USA TODAY: Fight Pa. hunger, not each other, this holiday season
Updated: Nov 10
By the Editorial Board
Meals on Wheels Erie assists residents during pandemic
Wendy Wallace, executive director of Meals on Wheels Erie, discusses the increased need for assistance the organization has seen. 📹: Kevin Flowers, Erie Times-News
With the election over, clocks turned back, and the month of November underway, we again speed toward Thanksgiving, the traditional start of the holiday season.
We don’t have to look far to find cause for gratitude. A year ago, the Centers for Disease Control and Prevention warned against traveling and gathering indoors for family holiday celebrations because we remained defenseless against COVID-19. And in the weeks that followed, the pandemic peaked in many areas. Crowded obituary pages telegraphed the suffering and loss.
But this year, with the delta variant surge subsiding and vaccination rates increasing, many will gather this year more safely. That's an extraordinary scientific and logistical feat worthy of both national pride and thanksgiving.
We talk of how the pandemic triggered seismic changes in our work environments and life choices. But COVID-19 is not the only thing that has changed us. The mental strain of the pandemic, disinformation and our flawed human nature have put us on edge, with rage and cruelty erupting at the slightest provocation on our keyboards, in public meetings and rallies. The ill will has broken our politics and even our families.
We don’t have the answers. But we do know it is a sickness in need of as much care as the coronavirus if we are to thrive again as a country premised on “out of many we are one.”
One sure way to set aside self-absorption is to attend the suffering of others, which, by any twist of fate, could someday be our own. Let’s work on that this holiday season. Consider the supply chain bottlenecks an opportunity to dial back consumption and amplify sober reflection, compassion and giving.
So many holiday rituals center on food. But ready access to food is not a given for millions of our neighbors.
Feeding Pennsylvania reports that about 2 million Pennsylvania residents, including 630,000 children, did not have reliable access to adequate healthy meals in 2020. Temporary unemployment caused by COVID-19 business closures drove the numbers of those facing food insecurity higher last year.
A soup kitchen at Erie’s City Mission, which serves the homeless and those affected by poverty, was a case in point. It distributed 365,000 pounds of food in 2020, a 19% increase over the year before.
And the crisis hit children of color, so many already disadvantaged, harder. A new PA Partnerships for Children report found that Black households with children were nearly 3.5 times more likely to report they sometimes or often did not have enough to eat in the past week than white households with children.
While the numbers have started to improve in some areas, they are still higher than pre-pandemic levels. “Many of our neighbors continue to face great need and impossible choices. For many families it is often a decision between food or other critical needs such as child care, utility bills and medication,” Jane Clemonts, chief executive officer of Feeding Pennsylvania said in a September statement.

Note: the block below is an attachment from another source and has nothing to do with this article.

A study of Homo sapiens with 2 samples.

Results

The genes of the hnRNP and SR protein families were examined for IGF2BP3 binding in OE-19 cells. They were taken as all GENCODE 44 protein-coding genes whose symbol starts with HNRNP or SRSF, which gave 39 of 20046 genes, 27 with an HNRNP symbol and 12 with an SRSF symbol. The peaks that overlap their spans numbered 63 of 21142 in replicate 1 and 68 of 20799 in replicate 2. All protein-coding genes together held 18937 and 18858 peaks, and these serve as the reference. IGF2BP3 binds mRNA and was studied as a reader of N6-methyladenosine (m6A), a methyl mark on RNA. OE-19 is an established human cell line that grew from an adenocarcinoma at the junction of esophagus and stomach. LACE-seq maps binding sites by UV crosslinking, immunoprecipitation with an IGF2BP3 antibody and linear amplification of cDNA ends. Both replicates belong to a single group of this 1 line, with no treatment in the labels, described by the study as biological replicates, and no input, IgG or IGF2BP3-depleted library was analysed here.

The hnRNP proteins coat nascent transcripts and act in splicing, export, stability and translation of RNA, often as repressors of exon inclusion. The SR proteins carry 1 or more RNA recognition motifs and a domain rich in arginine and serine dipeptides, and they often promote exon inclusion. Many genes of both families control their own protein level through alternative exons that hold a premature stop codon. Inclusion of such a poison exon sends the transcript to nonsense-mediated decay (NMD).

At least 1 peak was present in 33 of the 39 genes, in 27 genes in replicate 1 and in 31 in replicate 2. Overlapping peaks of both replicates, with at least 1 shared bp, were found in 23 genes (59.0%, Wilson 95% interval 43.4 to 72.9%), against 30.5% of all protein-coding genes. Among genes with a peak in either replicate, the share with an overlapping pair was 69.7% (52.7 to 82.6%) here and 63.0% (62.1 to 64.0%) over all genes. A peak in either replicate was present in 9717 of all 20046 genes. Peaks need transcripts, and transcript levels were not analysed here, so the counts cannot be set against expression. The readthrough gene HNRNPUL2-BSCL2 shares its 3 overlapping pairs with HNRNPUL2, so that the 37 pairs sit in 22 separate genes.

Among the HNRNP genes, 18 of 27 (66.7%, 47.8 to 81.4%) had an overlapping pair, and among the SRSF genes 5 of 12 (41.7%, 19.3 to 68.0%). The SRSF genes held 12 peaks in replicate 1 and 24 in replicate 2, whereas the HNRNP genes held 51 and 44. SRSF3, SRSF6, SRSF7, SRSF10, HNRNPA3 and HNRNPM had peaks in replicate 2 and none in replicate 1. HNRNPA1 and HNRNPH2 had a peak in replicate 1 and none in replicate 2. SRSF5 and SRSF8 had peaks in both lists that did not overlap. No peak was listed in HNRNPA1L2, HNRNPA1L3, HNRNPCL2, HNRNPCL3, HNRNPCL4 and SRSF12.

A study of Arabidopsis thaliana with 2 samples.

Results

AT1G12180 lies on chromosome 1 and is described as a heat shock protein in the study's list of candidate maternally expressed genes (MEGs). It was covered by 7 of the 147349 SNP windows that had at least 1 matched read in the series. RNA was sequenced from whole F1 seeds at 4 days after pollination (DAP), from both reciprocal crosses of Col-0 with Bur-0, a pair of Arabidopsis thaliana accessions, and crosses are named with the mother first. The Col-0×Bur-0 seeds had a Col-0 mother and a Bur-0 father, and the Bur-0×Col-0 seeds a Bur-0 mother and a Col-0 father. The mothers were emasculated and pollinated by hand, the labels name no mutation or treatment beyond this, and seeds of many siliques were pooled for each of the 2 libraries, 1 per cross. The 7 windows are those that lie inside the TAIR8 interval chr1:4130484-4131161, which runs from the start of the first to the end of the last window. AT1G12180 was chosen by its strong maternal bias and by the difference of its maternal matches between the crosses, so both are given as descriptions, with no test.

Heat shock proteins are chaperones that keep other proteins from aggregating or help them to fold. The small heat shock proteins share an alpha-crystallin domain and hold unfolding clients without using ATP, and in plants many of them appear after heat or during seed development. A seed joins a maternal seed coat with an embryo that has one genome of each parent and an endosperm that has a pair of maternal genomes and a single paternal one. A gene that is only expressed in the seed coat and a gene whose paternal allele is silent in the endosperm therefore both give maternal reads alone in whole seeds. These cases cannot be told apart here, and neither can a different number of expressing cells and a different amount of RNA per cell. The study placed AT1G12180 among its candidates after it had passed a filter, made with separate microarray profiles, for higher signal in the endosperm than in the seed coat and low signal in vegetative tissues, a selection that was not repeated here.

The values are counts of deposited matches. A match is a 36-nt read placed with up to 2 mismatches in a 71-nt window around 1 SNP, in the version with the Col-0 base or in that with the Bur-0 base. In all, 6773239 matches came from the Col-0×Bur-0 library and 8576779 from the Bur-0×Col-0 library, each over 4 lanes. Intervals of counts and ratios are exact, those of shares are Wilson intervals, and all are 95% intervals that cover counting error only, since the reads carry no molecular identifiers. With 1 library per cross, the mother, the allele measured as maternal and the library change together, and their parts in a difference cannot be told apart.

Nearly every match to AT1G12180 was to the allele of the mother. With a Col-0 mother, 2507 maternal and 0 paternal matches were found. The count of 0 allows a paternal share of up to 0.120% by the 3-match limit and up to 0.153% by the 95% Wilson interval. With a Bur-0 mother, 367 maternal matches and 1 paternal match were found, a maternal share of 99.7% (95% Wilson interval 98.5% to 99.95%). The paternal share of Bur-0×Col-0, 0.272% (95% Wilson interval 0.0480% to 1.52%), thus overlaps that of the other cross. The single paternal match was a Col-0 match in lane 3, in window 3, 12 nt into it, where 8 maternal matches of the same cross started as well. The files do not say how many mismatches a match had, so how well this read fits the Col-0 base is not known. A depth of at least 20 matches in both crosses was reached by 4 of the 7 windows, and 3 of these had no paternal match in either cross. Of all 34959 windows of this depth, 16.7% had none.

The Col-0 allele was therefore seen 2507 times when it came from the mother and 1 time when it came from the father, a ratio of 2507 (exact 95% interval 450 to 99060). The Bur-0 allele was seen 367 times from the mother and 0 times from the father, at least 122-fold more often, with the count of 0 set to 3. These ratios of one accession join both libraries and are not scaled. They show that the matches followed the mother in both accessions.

That is what they are seeing at Second Harvest Food Bank, which distributes more than 12 million pounds of food annually in 11 northwestern Pennsylvania counties. A spokesperson told the Erie Times-News that Second Harvest is providing food to more than 88,000 families — a 12% increase over last year.
There is no stereotyping those affected.
Those who are food insecure can include low-income working families with children, the elderly or people with disabilities living on a fixed income, or those who, due to mental health challenges or catastrophic life events, find themselves homeless.
There is growing awareness that even some college students struggle with hunger.
Delaware County state Rep. Jennifer O’Mara said in a recent meeting about student food insecurity that she worked three jobs to put herself through college but was forced to take out loans to cover food along with books, transportation and other needs.
Food insecurity takes a toll on both the hungry and the community. Inadequate food and nutrition raise the risk of poor health, chronic diseases, hospitalization and higher health care costs. It interferes with learning and school success, which can in turn hem in a child’s prospects for future success and productivity.
Feeding America, a network of 200 food banks and 60,000 food pantries and meal programs nationwide, lists the ways to take action — advocate, give, volunteer.
The Feeding Pennsylvania website, feedingpa.org, lists policy priorities you can champion with lawmakers and information on how to donate funds. This month in Pennsylvania fighting hunger is even as easy as sipping a beer. Breweries across the state have partnered with Feeding Pennsylvania to raise money to fight hunger through a project called Hops for Hunger. Check out the participating breweries here.
Consider the energy and toxic emotion now being wasted on manufactured crises. Hunger is an elemental problem we can solve — if we care to.